Gardnerville man admits stalking, assault on deputy
February 8, 2013
Four days before he was set for trial, a 31-year-old Gardnerville man pleaded guilty Friday to charges he waved a knife at a sheriff’s deputy and stalked his 47-year-old former girlfriend.
In a two-hour hearing before District Judge Michael Gibbons, Springer admitted the felonies which carry a maximum sentence of 21 years in Nevada state prison and a $10,000 fine.
He pleaded guilty to aggravated stalking, and assault with a deadly weapon on a peace officer.
In exchange for Springer’s guilty plea, both sides have agreed to recommend midlevel sentences of 4-10 years on the stalking charge, and 1-6 on the assault charge, to be served consecutively.
Lesser felony charges of intimidating or dissuading a victim from reporting a crime, and domestic battery by strangulation were dismissed.
Springer, who served time in prison for child abuse stemming from a 2008 case, could be eligible for probation.
Gibbons advised Springer that the sentence is up to the judge, no matter what the plea agreement says.
Both sides are permitted to present witnesses at the sentencing, set for April 8.
He was set for a five-day trial to begin Tuesday.
Springer has been in jail on $100,000 bail since April 7, 2012.
The victim testified at a preliminary hearing in August that she began dating Springer about a year before, and he moved in with her in September 2011.
She said the relationship turned violent, and she suffered frequent beatings at his hands which left her bruised all over her body. She said he also pulled out her hair.
The woman said she endured the abuse because Springer threatened to kill her and her family if she told.
She said one time Springer put a pillow over her face as she lay on the kitchen floor and stomped on it, breaking her nose. She claimed he pushed it back into place so no one would know it had been broken.
Springer was arrested after the woman’s family members became suspicious and managed to get her out of the house on a ruse that she was having coffee with her sister who was visiting from out of town.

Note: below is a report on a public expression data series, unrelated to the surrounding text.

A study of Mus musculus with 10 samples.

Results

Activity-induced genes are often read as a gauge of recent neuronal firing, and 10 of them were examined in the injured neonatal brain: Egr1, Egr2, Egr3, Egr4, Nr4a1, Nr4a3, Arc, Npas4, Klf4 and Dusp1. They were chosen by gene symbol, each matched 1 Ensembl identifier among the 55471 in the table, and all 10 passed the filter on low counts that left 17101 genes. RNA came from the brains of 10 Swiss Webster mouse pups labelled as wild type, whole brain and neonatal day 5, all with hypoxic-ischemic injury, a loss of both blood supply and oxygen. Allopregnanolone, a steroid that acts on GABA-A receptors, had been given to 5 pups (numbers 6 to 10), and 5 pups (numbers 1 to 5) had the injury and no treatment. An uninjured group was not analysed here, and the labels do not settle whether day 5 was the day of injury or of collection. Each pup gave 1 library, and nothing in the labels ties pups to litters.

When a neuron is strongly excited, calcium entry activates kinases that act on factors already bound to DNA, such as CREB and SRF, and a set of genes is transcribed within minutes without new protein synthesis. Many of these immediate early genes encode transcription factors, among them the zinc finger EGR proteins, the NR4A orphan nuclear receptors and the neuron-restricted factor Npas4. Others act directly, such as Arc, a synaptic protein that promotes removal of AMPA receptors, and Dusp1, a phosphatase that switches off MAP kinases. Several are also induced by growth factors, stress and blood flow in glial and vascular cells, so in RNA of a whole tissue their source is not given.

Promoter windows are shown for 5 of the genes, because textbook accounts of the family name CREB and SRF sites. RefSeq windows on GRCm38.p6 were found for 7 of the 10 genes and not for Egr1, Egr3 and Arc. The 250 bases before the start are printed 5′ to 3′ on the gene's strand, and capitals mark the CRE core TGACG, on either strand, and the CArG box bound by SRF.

Springer was reluctant Friday to admit any wrongdoing, as required by the plea agreement. That prompted prosecutor Laurie Trotter to ask to rescind the agreement and proceed with trial.
Gibbons questioned Springer extensively about the events of the day he was arrested, and the four months of the couple’s relationship.
Elements of the stalking charge required that Springer intend to make the victim fear substantial bodily harm for herself or her family.
“It wasn’t my intention to scare her, but I believe she was scared,” he said. “She took it as a serious threat. I guess I wanted to scare her.”
He denied the victim’s allegations that he struck and kicked her, and pulled out her hair.
“This is kind of embarrassing,” he said. “She would request me to say or do certain stuff as asphyxiation. I would grab her by the neck when we were intimate. I squeezed her neck when she requested it. It was never against her will.”
He claimed she pulled out her own hair, and denied any allegation of sexual assault.
Springer admitted he called the victim “dumb,” and her behavior “stupid,” among other terms.
Springer had trouble explaining what happened when a sheriff’s deputy came to his apartment to investigate the domestic battery.
Deputy Joel Kruger testified at the preliminary hearing that Springer came toward him with a knife. Springer said the incident was over in seconds, while Kruger testified the suspect refused to drop the knife for a minute to a minute and a half.
“I held it long enough to view the situation. I was wrong for that,” Springer said.
Trotter, dissatisfied with Springer’s answers Friday, said if he wasn’t willing to take responsibility, she would withdraw the agreement and go to trial.
“It shouldn’t be a case of possibly or maybe,” she said. “He either did it or not.”
Following a short recess with his attorney, Matt Ence, Springer admitted the elements of the offenses.
Springer said he threatened to injure the victim and her son, and knew she was frightened of him because she had suffered abuse in the past at the hands of another man.
“I used that to my advantage,” he said.
He also admitted threatening the deputy with the knife.
“There was a moment I did not put the knife down,” he said.
Ence said that despite his client’s “wishy-washy” language earlier in the hearing, he believed Springer met the requirements of the plea agreement to admit the criminal behavior.
In December 2008, Springer was sentenced to six years in Nevada State Prison for child abuse.
The victim, who was 11, testified at Springer’s sentencing before Gibbons in 2009 that he hit her in the stomach, kicked her in the back and threw her to the floor. She said he dragged her to the bathroom, and hit her head on the sink three or four times, causing bleeding.
She told the judge when the bleeding wouldn’t stop he tried to cauterize the burn with a penny he heated over a cigarette lighter, and made an attempt to stitch up the wound so her mother wouldn’t find out. He was also accused of pulling out her hair.
Springer had to serve 16 months before he was eligible for parole. He was given credit for 268 days in custody in the 2008 offense.